In the previous article, I made the following observation: A collection that holds its elements but doesn't allow you to traverse them is unlikely to prove popular. There are many ways to offer traversal, but if the caller needs to be able to know the position of elements in some way there are essentially only three general …


If provided by the framework. NeXT's Foundation classes had this years ago and it followed through into Java implementations after Apple bought it, for example at http://developer.apple.com/documentation/WebObjects/Reference/API/com/webobjects/foundation/NSArray.html#objectEnumerator() - nice, and easy to work with.


Pardon me being dumb, but is it not reasonable, in the absence of closures, to just go:

DoIterate(void (*func)(dataType data, void * context),void * context);

So the iteration request consists of both a processor function and a void* (which you cast to your object*).


Just a quick clarification: a java.util.Enumeration, as shown in the NeXT example, is an example of the Iterator pattern not the Enumeration Method pattern. Yes, the name is confusing.

One of the defining characteristics of Enumeration Method is that the user of a collection does not write the loop: the collection encapsulates the loop mechanism. The Enumeration Method itself calls back to code provided by the caller.

In terms of callbacks, yes, in C it is possible to do this, as the article pointed out -- "it is not a pattern that is restricted to Smalltalk: it can be applied in C, using function pointers". However, the downside is that without closures, generics, an object-based type system or other suitable mechanisms you can end up with void * all over the place.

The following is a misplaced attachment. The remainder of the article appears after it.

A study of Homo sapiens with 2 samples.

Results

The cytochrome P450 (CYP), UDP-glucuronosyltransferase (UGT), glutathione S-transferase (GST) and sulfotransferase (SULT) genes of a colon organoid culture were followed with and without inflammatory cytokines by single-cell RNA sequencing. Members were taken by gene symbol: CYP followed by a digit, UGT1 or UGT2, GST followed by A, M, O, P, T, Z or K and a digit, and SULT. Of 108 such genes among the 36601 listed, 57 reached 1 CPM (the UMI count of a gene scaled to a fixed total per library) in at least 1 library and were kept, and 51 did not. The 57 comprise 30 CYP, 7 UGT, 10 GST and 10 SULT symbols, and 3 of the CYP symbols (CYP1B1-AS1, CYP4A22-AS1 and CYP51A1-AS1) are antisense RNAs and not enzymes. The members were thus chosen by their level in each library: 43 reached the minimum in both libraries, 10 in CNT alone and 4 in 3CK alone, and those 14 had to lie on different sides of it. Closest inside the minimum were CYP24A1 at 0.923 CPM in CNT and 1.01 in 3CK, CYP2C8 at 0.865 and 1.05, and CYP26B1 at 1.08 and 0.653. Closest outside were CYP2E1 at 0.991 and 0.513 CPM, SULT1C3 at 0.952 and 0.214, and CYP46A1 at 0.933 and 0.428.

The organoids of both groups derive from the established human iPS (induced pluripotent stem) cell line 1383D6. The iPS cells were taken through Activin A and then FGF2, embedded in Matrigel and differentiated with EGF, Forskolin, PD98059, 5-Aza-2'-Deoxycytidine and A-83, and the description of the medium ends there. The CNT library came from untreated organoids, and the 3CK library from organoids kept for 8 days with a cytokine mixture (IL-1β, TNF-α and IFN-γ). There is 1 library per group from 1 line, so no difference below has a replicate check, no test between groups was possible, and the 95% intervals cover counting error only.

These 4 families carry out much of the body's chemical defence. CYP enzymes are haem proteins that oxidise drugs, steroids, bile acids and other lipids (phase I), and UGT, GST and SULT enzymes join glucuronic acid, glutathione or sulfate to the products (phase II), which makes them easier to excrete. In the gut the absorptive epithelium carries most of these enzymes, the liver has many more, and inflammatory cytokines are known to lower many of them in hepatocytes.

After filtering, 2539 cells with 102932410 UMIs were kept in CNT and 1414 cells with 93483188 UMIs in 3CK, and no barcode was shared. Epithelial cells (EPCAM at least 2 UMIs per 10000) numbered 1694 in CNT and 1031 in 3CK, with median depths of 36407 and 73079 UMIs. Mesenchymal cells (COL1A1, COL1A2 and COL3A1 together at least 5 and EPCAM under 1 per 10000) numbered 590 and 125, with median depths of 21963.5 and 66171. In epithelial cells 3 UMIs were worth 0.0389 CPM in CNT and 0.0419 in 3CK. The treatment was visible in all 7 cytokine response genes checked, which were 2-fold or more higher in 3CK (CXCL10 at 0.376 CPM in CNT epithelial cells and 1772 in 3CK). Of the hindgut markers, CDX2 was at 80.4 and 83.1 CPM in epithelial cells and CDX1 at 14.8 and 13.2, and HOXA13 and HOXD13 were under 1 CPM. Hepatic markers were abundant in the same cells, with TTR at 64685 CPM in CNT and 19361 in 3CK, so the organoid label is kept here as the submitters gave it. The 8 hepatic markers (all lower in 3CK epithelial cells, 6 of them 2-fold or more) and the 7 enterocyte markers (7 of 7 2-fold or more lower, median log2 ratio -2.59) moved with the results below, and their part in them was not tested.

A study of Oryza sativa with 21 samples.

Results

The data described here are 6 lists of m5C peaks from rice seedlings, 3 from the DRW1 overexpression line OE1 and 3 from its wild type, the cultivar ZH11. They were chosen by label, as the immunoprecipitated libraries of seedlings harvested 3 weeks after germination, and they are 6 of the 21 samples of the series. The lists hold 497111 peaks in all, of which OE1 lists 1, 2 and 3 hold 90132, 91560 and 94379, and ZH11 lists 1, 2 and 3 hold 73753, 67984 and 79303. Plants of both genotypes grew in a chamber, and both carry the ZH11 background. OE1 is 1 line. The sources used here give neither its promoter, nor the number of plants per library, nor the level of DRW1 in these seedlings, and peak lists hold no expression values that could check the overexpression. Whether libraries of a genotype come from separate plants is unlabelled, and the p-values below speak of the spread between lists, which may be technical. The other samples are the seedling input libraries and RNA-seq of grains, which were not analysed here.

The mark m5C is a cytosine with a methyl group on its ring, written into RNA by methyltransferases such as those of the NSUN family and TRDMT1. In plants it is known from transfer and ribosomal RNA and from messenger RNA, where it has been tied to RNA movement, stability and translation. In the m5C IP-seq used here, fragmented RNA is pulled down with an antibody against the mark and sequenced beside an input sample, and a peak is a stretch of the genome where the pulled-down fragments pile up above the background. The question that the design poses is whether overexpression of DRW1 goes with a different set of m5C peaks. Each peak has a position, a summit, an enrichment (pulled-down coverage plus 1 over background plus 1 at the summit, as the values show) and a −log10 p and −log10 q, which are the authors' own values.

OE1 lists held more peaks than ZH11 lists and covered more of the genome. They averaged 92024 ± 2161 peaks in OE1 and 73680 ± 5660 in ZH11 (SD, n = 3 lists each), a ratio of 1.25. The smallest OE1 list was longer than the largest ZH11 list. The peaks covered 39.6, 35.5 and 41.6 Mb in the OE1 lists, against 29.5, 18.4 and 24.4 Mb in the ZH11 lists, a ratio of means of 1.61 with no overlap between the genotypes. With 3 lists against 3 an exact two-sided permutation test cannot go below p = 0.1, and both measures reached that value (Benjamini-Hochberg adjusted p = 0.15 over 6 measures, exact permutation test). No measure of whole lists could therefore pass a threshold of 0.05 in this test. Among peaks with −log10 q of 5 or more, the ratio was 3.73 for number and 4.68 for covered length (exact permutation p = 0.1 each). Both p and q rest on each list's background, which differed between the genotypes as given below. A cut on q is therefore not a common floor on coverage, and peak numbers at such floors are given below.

In response to the comments on the NeXT NSEnumerator class, that in itself is not the Enumeration approach but it's certainly simple to achieve in Objective-C; the technique seems to have received the sobriquet "Higher-Order Messaging". Certainly searching cocoadev.com for HOM yields a few examples of the style.


Thanks, Kevlin, for publishing a second article on why my response to "Up with cohesion, down with coupling" was wrong!

(Readers, you can see the first response article here: http://www.regdeveloper.co.uk/2006/09/04/to_iterate_human/)

The Iterator does not give the caller any valuable information on the position of elements, so the constraint "if the caller needs to be able to know the position of elements in some way" does not in fact differentiate between internal and external iterators. In fact, the word "position" implies order, and external iterators apply just as well to unordered collections like your sets and your hash-maps. (Of course, because iterating over elements is what most collections are for.) Yes, an Iterator does encapsulate position, but preferably doesn't expose that implementation-specific detail, for compatibility with different kinds of collection.

Again, you downplay Lisp's fold functions for providing more than just the element to the loop function, but these functions demonstrate how "position of the elements" and other context as required by task constraints can naturally be included in your external iterator. Thus your constraint allows internal iterators while excluding Java's preferred Iterators.

Furthermore, I put it to you again that while iteration over a collection is a very common idiom, this constraint is very rarely necessary. That's why using for-each makes sense in any language that provides such syntax.

I think I adequately explained the benefits of external iterators in my response to your first article -- chiefly, they encapsulate the most common function of a collection class within the class, and don't expose those implentation-specific details to the users of the class.

Hayden Clark, as dumb as he claims to be, has shown how simple it is to bring the pattern to C. You don't need "closures, generics, an object-based type system or other suitable mechanisms." And (void *)'s are cool, anyway. All it says is "I don't feel then need to nail down a type here."